Joseph Cuellar, of Fresno; Rudolph Buendia, of Planada; Patrick Bowman, of Los Banos, have admitted guilty to breaching federal asbestos regulations. Cuellar, Buendia and Bowman are 73, 50 and 46 years old respectively.
According to their indictments, Cuellar was working as the administrative manager of a company called Firm Build. Bowman was the president of that firm and Buendia was the site supervisor of one of its construction projects when the firm operated a renovation and demolition project at former Castle Air Force Base located northeast of Atwater, California.
They had to transform Bldg. 325 into a training centre for Merced County Education Board. For carrying out that work, the trio hired local students from Merced Workplace Learning Academy, according to Benjamin Wagner, the United States Attorney for the Eastern District of California.
Court documents show that the students as well as the employees removed nearly 1000 linear ft. of piping insulation and tank insulation and disposed them of. All these 3 company executives were aware of the fact that they contained asbestos – a highly regulated substance in the United States.
For performing the task, the employees or the students were not given adequate protective equipment such as full-face masks, Tyvek suits, footwear coverings, caps, hair hoods and gloves. The employees and students were not asked to take any protective measures either – like wetting the materials containing asbestos, sealing asbestos waste in secure polythene bags etc. By failing to do such things, the 3 executives violated federal safety regulations, the court documents indicate.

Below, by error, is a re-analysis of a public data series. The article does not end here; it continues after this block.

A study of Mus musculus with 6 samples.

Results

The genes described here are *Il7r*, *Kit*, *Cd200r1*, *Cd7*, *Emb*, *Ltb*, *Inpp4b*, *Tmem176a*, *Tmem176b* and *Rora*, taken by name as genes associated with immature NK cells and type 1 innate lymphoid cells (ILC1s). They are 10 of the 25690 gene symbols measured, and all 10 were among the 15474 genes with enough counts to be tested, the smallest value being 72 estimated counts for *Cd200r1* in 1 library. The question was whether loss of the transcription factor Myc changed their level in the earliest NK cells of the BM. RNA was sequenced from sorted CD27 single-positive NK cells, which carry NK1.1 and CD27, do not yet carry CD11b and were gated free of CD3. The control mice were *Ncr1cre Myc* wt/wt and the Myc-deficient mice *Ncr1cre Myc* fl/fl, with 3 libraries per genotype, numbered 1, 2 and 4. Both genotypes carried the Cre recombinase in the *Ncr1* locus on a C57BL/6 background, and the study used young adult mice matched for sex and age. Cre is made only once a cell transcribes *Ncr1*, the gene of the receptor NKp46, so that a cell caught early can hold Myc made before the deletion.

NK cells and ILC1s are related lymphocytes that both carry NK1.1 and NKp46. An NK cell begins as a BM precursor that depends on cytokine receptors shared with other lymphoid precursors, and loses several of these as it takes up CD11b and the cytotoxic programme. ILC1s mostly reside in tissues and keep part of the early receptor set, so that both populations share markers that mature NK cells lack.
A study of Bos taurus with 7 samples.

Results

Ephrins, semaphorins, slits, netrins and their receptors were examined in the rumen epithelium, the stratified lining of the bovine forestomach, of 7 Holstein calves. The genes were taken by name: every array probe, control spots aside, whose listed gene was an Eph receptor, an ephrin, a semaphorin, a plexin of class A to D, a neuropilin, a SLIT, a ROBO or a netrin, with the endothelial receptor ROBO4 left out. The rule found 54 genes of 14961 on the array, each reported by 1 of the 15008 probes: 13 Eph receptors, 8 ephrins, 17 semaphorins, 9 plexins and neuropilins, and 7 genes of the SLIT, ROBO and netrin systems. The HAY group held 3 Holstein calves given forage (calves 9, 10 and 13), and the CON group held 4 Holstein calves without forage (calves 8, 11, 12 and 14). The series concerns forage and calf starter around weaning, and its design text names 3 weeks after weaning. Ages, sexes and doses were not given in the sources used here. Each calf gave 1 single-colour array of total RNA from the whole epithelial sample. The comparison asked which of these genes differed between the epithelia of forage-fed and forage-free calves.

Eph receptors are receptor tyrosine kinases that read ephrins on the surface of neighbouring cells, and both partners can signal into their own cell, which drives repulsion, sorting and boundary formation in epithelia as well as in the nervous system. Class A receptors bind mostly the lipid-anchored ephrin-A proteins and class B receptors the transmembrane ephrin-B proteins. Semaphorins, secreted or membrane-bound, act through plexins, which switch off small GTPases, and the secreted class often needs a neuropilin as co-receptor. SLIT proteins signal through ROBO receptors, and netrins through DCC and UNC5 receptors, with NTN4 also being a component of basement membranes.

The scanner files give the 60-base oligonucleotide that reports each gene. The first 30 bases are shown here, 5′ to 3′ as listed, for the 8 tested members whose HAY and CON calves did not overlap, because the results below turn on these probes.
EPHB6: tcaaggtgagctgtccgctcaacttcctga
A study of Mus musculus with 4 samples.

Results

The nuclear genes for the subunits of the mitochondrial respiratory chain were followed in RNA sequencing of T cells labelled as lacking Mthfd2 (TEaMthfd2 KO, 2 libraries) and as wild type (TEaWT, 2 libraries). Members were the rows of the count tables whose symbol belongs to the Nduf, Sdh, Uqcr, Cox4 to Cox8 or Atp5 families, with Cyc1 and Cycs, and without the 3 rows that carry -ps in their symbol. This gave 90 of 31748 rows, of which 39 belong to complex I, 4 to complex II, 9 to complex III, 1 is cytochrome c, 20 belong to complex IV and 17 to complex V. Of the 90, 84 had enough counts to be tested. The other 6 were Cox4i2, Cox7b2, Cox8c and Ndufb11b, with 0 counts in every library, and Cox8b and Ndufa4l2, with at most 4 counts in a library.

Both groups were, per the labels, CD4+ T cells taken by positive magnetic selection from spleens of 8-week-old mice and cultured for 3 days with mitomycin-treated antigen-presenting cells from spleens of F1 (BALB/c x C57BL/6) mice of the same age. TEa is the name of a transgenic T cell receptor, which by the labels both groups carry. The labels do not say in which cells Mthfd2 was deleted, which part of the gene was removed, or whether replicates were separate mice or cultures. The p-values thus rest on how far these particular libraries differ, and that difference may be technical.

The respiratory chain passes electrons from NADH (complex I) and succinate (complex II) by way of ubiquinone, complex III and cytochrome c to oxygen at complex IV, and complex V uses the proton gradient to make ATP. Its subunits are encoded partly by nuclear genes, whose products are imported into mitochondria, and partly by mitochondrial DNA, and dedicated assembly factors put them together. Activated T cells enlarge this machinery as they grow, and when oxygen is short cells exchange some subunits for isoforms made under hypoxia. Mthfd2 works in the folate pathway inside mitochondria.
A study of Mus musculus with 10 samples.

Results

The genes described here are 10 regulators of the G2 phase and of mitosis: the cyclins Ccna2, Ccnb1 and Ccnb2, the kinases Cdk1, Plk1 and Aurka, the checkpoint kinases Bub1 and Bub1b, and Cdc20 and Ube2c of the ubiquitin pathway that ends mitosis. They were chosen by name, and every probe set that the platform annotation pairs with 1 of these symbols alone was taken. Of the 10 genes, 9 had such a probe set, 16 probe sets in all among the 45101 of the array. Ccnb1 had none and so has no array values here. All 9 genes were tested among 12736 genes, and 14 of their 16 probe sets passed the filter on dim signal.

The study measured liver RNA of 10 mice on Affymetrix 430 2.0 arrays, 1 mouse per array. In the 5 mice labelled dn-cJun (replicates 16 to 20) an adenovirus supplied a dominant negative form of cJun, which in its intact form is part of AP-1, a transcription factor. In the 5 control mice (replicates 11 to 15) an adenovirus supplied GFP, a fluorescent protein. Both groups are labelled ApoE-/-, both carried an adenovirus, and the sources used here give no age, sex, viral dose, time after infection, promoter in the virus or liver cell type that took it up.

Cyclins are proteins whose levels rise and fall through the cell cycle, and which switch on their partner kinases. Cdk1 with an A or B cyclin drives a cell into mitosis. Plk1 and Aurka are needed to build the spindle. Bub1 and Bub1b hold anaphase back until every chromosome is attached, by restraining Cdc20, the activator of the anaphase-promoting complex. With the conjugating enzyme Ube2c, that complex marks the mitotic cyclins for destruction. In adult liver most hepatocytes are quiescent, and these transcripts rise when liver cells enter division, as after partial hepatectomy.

Asbestos material became airborne at the time of illegal removal of the substance, according to federal prosecutors.
The careless handling of asbestos removal project exposed the employees of Firm Build, the students of Workplace Learning Academy, and other subcontractors on the site and their workers to toxic fibers of the material, according to the government.
Wagner said exposing young students to dangerous asbestos in order to reduce costs and save money is criminal. “It is much more than reckless – it’s criminal,” Wagner said.
He said the guilty pleas by the defendants is a clear warning that whoever choose to disregard environmental regulations for making profit will be sued and prosecuted. “They will face imprisonment,” Wagner said.
The trio will be sentenced on 3rd June by United States federal Judge Lawrence O’Neill. All the three face imprisonment of 2 years or more.